Security ‘Challenge Questions’ and the social web

Lately I’ve been a little paranoid about posting details about myself on the social web, especially Facebook. In fact I’ve completely gone off it (never been a fan of it from the first). I’m surprised by the amount of personal information people post on the social web.

One of my concerns is related to the ‘Challenge Questions’ provided by major websites such as Gmail, Hotmail for authentication, mostly during account recovery. Take for example the Challenge Question offered by Gmail:

What is the name of your manager at your first job?
What is the name of your best friend from childhood?
What was the name of your first teacher?

Answers to most of the above questions can be garnered by a little digging around your social stream, making it easier for the malicious person to hack your account. Aggregators such as IdentEngine, a Javascript library, can make it even easier to locate your profiles around the social web. In short, the social web “leaks” security information.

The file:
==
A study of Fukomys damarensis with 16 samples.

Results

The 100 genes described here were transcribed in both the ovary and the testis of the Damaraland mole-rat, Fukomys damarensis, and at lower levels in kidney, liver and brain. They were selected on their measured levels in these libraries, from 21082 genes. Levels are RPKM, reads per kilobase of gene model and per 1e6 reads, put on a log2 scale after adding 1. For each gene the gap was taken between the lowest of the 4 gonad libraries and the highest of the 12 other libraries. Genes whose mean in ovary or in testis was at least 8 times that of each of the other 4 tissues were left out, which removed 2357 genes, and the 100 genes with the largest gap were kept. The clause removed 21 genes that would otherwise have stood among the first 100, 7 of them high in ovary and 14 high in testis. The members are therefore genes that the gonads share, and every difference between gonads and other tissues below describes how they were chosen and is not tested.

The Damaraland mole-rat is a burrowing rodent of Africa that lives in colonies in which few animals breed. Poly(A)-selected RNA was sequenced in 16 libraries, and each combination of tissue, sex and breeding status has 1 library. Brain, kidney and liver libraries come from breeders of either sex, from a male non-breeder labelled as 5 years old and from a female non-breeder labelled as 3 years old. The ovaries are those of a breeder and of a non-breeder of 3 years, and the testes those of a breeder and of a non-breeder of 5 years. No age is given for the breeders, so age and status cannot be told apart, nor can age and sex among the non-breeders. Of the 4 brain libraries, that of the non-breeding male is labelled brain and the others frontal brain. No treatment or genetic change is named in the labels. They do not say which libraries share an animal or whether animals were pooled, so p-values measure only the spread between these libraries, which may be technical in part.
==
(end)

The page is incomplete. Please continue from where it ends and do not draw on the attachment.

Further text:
When Scott McNealy remarked in 1999, “You have zero privacy anyway,Get over it.”, he was right on the technical front but wrong otherwise. You still have control over of how much personal information about you floats around the web; it may be a little harder but not impossible. The important point is to be alert and proactive when divulging important information around the web.



2 thoughts on “Security ‘Challenge Questions’ and the social web

  1. Completely agree, mate of mine lost his job after playing a sick day and then posted a load of photos playing golf. Idiot.

    What is frustrating is third party emails that come from nobody companies. It should be illegal for any company to sell on our personal emails addresses.